First (as always), add the tapestry-routing dependency to your pom.xml
Then annotate your pages with the @Route annotations (@At annotations are still supported and work the same way)
Let's say you have a page: pages.projects.Members which have 2 parameters in its activation context: (Long projectId, Long memberId) and you want the URL for that page to look like /projects/1/members/1
Just add the @Route annotation to you page, like this:
The RouterDispatcher will take care of recognizing incoming requests and dispatching the proper render request and the RouterLinkTransformer will do the rest of the work, it will transform every Link for a page render request formatting it according to your route rule.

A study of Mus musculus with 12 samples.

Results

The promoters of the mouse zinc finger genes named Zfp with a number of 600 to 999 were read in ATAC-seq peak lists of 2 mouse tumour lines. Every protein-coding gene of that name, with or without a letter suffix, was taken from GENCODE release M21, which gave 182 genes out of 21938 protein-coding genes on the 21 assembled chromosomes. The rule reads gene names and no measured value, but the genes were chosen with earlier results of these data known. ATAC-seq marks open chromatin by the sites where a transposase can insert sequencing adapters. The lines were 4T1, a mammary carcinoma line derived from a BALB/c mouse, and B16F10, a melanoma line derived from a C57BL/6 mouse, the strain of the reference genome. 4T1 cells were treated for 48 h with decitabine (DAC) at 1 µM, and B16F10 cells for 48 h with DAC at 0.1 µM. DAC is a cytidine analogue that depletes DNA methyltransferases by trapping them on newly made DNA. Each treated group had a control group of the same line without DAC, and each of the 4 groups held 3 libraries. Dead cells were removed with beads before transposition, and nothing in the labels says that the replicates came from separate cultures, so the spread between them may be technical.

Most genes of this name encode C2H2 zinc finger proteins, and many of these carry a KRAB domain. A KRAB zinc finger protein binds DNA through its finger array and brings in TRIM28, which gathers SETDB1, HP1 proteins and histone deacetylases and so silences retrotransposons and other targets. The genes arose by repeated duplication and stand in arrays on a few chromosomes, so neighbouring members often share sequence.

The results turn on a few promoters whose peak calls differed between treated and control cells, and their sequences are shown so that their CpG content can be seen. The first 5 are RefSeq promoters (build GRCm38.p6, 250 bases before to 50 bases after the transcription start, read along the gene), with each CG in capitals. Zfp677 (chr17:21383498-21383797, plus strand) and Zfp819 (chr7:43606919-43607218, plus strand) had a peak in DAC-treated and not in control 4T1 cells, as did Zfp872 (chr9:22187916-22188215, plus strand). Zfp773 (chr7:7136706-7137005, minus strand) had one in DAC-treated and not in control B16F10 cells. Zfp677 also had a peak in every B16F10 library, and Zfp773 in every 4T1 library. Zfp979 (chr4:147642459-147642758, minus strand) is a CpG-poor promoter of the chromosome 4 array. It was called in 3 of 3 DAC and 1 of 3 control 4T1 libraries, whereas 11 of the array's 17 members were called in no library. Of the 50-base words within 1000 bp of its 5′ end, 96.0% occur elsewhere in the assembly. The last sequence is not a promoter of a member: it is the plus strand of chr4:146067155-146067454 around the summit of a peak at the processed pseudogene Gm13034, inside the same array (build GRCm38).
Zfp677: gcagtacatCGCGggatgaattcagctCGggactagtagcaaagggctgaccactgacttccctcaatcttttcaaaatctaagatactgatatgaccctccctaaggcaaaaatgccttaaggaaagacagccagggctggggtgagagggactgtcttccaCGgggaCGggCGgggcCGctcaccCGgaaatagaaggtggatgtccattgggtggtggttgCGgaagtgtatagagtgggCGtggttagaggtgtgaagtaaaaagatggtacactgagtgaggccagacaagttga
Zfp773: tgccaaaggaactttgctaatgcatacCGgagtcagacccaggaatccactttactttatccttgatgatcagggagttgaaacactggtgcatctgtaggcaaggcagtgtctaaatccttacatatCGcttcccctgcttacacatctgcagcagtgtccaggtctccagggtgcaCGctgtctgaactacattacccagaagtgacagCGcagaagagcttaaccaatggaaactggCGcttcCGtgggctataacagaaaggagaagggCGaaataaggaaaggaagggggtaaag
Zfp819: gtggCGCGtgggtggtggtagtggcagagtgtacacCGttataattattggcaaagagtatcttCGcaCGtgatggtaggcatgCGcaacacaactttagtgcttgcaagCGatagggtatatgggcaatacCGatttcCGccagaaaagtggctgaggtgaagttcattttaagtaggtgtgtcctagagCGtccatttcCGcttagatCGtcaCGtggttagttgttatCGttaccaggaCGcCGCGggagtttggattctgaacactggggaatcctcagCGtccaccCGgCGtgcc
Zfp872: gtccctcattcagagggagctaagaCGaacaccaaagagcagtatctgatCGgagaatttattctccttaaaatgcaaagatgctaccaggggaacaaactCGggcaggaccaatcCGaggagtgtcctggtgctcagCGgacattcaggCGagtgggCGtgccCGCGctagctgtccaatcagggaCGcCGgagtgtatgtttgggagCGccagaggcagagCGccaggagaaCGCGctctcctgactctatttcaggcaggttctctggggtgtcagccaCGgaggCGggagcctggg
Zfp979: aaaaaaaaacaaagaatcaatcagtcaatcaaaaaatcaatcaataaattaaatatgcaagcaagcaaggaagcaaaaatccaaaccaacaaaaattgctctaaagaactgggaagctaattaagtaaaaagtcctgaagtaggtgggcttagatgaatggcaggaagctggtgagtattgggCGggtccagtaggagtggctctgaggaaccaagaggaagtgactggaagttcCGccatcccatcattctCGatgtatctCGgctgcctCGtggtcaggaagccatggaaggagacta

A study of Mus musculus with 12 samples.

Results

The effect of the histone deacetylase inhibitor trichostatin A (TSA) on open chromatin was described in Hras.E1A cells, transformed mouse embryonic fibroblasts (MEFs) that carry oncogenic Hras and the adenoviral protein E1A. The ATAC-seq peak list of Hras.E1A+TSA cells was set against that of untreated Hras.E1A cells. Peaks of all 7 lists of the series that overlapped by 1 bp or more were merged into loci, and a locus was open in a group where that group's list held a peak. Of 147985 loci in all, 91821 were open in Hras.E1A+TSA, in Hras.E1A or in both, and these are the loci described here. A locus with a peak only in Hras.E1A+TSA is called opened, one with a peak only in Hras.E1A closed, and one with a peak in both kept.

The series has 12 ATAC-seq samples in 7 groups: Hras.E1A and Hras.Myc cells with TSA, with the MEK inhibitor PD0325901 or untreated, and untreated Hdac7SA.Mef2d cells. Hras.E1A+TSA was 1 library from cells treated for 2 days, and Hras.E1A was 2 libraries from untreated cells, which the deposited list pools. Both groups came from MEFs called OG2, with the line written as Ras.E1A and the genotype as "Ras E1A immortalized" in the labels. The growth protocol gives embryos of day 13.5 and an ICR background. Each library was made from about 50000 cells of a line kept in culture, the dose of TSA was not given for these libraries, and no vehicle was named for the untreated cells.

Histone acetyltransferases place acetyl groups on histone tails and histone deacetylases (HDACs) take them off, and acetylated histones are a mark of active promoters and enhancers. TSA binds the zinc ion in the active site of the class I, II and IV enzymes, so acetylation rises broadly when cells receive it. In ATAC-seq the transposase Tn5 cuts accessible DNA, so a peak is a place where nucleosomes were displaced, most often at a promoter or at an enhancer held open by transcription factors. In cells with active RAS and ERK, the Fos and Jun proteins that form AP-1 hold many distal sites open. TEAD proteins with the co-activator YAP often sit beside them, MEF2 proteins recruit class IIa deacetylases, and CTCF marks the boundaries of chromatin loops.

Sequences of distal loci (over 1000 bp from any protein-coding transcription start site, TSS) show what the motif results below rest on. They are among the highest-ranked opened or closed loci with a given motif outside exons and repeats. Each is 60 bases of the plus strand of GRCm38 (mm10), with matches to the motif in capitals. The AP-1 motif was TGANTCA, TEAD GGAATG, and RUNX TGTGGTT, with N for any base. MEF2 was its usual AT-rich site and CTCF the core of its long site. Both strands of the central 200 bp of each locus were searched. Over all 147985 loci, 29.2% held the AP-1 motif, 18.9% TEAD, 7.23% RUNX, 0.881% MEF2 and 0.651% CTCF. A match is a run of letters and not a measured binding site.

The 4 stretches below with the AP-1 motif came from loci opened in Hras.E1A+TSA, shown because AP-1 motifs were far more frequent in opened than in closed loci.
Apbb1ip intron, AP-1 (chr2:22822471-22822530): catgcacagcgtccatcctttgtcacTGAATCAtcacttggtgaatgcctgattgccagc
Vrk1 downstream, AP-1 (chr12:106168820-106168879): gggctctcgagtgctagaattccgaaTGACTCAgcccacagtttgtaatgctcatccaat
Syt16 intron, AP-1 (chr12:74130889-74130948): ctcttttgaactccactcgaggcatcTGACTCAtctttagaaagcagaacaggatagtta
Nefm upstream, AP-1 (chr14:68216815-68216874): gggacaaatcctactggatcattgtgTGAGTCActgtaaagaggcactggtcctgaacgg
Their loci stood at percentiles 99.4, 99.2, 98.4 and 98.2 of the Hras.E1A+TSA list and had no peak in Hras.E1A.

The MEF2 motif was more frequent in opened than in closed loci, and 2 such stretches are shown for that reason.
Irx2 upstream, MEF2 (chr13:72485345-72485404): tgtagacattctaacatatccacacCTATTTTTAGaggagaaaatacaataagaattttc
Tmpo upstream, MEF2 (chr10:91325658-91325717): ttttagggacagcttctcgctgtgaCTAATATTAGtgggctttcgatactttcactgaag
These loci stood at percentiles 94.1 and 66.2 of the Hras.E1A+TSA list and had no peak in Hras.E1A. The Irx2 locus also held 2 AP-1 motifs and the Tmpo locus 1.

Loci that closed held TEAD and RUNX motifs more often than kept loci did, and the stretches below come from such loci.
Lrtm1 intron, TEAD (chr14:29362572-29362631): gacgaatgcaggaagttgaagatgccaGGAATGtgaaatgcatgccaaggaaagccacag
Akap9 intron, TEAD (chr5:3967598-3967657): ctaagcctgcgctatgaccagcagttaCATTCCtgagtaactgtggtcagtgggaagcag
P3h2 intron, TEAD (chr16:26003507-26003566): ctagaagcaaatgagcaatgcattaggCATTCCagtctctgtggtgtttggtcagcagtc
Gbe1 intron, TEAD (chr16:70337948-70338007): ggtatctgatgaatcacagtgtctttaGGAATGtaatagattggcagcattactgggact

CRUD and REST-like URLs
Here is an example of how tapestry-model is using tapestry-routing:
display a list of all recipies
return an HTML form for creating a new recipe
display a specific recipe
return an HTML form for editing a recipe
The only caveat with the current implementation is that you can't use Index pages. I mean pages named "*Index"
The way Tapestry handles *Index pages prevents the module from working properly.
My workaround (for now) is:
If you like to have all your routes configuration centralized, you don't need to use the @Route annotation if you don't want to. You can contribute the routes to the RouteProvider.
Avoid scanning ALL the pages.
If you want to prevent tapestry-routing from scanning all the pages packages looking for the @Route annotation set the DISABLE_AUTODISCOVERY symbol to "true". If you do this then you can either contribute your routes directly to the RouteProvider, or tell the AnnotatedPagesManager explicitly which pages do you want to be scanned.